Old 07-28-18, 01:08 PM

Hello guys
I am looking for bikes to commute to work and for fitness, I havenít used any bike before. I was wondering if you guys could suggest which would be good bike for beginners. I live in Bangor Maine. My work commute is less than 10 miles to and fro.

Thank you
Vb.

Accessorize as you see a need for it.. every one is different.

you have a local bike shop in Bangor ME , pay them a visit..




...
Hello guys
I am looking for bikes to commute to work and for fitness, I havenít used any bike before. I was wondering if you guys could suggest which would be good bike for beginners. I live in Bangor Maine. My work commute is less than 10 miles to and fro.

Thank you
Vb.
Bangor Maine! Mike Rowe (Dirty Job's) turned me onto the Bangor Maine Police facebook page. What a hoot! Visiting the Duck of Justice is on my list should I end up in your neck of the woods!
Check the brakes work and check tyres are pumped up regularly, carry a spare tube and a tyre repair kit and practise removing the wheel at home to fix a flat.
Then get on and enjoy it, buy clothing as you need to to suit weather conditions, allow about an hour or so for ten miles at first, the time will decrease as you get fitter
Above all make it comfy (seats can be changed and make a huge difference to the ride) and the rest will follow

Edited to add, a cheap no suspension mountain bike, fairly upright, easy to maintain!

Last edited by cambiker71; 07-29-18 at 04:44 AM.
Unless your commute is on logging roads or worse, stay away from mountain bikes in particular and bikes with suspension parts in general. You donít need it and it adds cost, weight, complexity and upkeep.
Drop bar (road) bikes offer the most speed for a set amount of effort.
But they may be limited in the tire width/fenders/racks department and not all can ever make friends with the riding position.
For utility-minded riding, get a utility-minded bicycle.
To me, that means fenders, rack and some gears.
How many can be endlessly debated.
To me, it takes at least five to allow the bike to hum along nicely in varying conditions.

you have a local bike shop in Bangor ME , pay them a visit..

...
+1

Congratulations and welcome to wonderful world of bike commuting, Visit your local bike shop and try different style bicycles, see if you like upright position riding bicycles like a hybrid bicycle with a straight handle bar or hunched over position riding like Road bicycle with drop bars and skinny tires etc, a hybrid bicycle might be a better choice for riding in the fresh snow if you ever decide to do so in way up there in Bangor Main snow country.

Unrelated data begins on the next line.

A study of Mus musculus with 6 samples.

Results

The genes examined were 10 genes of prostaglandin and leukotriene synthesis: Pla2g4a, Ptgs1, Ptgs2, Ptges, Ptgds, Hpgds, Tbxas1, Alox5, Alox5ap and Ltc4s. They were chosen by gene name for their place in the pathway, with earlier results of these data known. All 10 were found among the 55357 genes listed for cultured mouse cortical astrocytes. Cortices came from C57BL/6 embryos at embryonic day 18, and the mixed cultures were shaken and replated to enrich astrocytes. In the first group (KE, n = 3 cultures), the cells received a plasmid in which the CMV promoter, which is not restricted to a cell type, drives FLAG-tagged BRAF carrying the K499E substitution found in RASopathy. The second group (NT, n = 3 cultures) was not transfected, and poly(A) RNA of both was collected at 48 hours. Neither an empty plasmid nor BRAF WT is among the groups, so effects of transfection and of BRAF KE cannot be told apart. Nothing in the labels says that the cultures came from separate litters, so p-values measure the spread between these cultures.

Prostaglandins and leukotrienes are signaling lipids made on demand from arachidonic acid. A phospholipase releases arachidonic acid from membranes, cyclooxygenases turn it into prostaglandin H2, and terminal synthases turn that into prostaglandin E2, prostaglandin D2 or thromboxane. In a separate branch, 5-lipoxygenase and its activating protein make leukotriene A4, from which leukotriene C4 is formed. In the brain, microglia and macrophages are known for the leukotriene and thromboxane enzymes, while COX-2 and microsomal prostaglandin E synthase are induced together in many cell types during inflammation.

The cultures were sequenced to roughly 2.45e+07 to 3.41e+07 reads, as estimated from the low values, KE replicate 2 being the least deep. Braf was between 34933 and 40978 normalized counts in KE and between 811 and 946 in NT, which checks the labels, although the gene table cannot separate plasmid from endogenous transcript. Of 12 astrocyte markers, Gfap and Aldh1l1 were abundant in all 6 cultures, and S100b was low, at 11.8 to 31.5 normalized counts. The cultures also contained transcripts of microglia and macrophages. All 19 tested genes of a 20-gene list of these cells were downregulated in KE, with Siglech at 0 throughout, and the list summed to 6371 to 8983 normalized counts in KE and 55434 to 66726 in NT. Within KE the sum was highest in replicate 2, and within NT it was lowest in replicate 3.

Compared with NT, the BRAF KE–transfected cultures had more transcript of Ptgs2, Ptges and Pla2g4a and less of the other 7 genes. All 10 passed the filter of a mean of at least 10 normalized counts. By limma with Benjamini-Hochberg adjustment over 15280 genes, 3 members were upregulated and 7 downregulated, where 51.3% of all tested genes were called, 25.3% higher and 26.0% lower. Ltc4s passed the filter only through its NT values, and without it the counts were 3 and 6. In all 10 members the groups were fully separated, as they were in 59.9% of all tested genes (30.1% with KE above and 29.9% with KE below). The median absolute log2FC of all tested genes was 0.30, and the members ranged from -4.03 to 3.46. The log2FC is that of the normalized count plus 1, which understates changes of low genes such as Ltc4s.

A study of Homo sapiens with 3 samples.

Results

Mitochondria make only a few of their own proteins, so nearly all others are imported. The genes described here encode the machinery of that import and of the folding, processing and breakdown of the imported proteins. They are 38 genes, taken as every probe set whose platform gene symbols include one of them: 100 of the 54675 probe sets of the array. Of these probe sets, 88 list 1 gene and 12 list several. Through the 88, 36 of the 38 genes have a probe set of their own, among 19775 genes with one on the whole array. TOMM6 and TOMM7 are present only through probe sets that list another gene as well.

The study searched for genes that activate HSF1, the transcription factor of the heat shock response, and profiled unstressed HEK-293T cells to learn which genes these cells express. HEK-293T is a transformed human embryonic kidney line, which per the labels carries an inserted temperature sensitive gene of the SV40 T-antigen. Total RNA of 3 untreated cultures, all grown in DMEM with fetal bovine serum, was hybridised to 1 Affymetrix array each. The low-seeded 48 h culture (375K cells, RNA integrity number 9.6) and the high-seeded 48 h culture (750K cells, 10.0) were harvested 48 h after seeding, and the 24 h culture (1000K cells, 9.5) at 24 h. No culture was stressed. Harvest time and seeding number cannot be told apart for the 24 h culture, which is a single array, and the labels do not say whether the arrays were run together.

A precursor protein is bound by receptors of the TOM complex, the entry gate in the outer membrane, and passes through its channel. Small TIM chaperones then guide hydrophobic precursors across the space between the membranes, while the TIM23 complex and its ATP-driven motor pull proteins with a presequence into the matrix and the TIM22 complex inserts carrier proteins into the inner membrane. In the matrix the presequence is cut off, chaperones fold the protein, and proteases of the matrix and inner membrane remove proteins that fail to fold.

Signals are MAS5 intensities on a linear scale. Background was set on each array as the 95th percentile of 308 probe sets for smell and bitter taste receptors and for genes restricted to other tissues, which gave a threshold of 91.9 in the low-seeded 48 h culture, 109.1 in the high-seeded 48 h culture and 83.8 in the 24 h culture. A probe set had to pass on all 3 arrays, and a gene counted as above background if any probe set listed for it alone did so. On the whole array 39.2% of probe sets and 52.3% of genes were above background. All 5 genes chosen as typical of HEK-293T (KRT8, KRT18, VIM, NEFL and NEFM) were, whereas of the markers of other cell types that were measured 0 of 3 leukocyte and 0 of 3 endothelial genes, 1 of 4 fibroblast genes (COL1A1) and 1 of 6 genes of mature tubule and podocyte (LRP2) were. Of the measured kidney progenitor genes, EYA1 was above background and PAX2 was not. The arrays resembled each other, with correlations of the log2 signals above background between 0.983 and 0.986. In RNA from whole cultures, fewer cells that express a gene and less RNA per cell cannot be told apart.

At 5 miles each way, you could do it on any bike.
At 10 miles each way... you may start looking for a bit more efficiency in the ride.

What do you mean by:
Originally Posted by Vb18 View Post
I havenít used any bike before
Never? You haven't learned to ride? Or, since a child?

If you absolutely have never ridden, perhaps start with some kind of a feet forward bike like some of the Electra bikes which work better with lower seats (and thus easier to get the feet to the ground).

If you've ridden some, but just not recently, then maybe a good hybrid for shorter rides, or a good road bike for longer rides.

Also extreme weight would play a role in the decision.
You need to learn to ride a bike steadily and safely before you can set out on daily 5-10mi trips! It shouldn't take long to learn and for your body to adapt itself, but you don't want to be wobbling and maybe falling into traffic!

I don't know Maine, but this would be a great option (if it fits you and it's nearby!) https://maine.craigslist.org/bik/d/t...650943526.html

This type of bike would also be a good option (old mountain bike with rigid fork) https://maine.craigslist.org/bik/d/g...650007065.html, although personally I think that price should be more like $75-100. For a bike like that you would want to replace the tires with something city/urban/slick so you don't burn a ton of your power input on the road buzz of those knobby tires.

Last edited by RubeRad; 07-30-18 at 12:40 PM.